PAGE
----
Until World War II, most of Nassau County was farmland, particularly the eastern portion. Following the war, the county saw a large influx of people from the five boroughs of New York City, especially from Brooklyn and Queens. They left their urban dwellings for a more suburban setting in places like Levittown. Nassau County literally doubled in population between 1950 and 1960. At that time, Long Island was the fastest growing suburb in America and land was gobbled up at a rampant pace to provide housing for these newcomers. Eventually, this rapid and often unplanned growth translated into sprawl accompanied by high taxes, crowding and severe environmental degradation.
Today approximately 10% of western Long Island’s available land remains undeveloped. The opportunity to save large amounts of environmentally significant land is no longer possible. The significance of saving the natural lands that remain grows more and more important with each passing year.
There are roughly 150,000 acres in the Land Alliance designated area. Based on our research there are approximately 20,000 acres that are not fully developed and considered conservation-worthy because of the environmental resources they contain. Conservation-worthy lands are defined as wetlands, farmlands, forested areas, meadows and cheap viagra professional fields. Priority is given to lands located in the Special Groundwater Protection Area (SGPA), adjacent to conserved land, coastal areas and lands with steep slopes, dense tree cover, native or endangered plant or animal species and recreational potential.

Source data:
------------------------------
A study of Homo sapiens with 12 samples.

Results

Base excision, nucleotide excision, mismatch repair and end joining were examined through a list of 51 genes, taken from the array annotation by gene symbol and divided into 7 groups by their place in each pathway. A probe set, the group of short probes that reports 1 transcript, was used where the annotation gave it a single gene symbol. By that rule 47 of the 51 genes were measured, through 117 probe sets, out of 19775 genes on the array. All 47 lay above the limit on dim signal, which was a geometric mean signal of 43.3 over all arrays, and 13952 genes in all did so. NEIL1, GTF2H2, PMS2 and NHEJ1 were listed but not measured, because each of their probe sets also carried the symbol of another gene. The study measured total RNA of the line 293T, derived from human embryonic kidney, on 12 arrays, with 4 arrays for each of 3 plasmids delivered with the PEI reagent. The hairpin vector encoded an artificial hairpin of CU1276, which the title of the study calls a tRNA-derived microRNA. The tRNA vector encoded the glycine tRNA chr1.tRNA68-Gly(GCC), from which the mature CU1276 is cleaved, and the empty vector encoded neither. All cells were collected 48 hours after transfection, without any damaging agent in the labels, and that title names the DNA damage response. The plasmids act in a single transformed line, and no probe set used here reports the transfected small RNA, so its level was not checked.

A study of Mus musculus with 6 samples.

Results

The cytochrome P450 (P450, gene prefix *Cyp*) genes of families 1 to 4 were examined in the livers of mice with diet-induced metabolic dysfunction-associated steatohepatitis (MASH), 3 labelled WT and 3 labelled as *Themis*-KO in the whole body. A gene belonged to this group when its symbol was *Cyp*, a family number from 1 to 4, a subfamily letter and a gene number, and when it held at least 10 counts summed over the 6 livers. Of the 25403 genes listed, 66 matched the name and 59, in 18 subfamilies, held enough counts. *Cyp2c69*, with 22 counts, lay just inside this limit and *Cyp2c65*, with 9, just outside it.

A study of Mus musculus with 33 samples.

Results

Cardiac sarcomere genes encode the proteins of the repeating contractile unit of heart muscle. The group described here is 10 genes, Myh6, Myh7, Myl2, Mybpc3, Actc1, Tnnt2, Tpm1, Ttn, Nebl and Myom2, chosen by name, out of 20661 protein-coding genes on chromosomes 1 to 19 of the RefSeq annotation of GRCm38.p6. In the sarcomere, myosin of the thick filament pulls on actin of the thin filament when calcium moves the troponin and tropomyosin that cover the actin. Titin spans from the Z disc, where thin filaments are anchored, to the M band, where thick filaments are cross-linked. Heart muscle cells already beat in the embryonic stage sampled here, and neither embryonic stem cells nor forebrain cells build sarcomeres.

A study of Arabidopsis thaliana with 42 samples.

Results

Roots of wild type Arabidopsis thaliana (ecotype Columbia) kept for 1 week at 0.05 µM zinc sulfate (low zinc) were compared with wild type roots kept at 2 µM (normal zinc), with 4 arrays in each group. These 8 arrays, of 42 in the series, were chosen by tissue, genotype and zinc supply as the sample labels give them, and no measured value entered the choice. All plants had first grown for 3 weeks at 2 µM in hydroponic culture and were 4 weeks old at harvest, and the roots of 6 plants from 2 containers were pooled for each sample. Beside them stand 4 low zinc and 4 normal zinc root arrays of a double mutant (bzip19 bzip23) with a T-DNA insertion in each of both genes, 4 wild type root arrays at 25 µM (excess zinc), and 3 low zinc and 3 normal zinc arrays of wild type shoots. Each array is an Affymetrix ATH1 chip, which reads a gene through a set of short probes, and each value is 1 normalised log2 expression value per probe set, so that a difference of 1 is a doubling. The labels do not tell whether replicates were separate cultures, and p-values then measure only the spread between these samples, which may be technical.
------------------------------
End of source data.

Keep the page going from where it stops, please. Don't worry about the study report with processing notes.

Without natural areas there would be no clean, pure drinking water. Without land there would be far fewer trees to remove harmful CO2 emissions from our air and absorb rainwater so it can move slowly into underground aquifers to replenish groundwater. Without wetlands, there would be no filter for storm water runoff, which pollutes our beaches and bays. And, as obesity becomes America’s #1 health issue, Long Islanders need both farmland to grow local, healthy food and parks and trails on which to exercise.
In 2010, the Trust for Public Land conducted a study of the economic benefits of open space. According to their findings, open space contributes $2.47 billion to Long Island’s economy each year from tourism, agriculture, increased property values, etc. Other important benefits like deferred infrastructure for groundwater and natural barriers for storm protection were not calculated. Had they been, the overall benefit would have been much greater.
In our first ten years the Land Alliance has been instrumental in the protection of nearly 1,000 acres of land through a variety of conservation tools. Our goal is to protect 2,500 acres of conservation-worthy lands by 2020.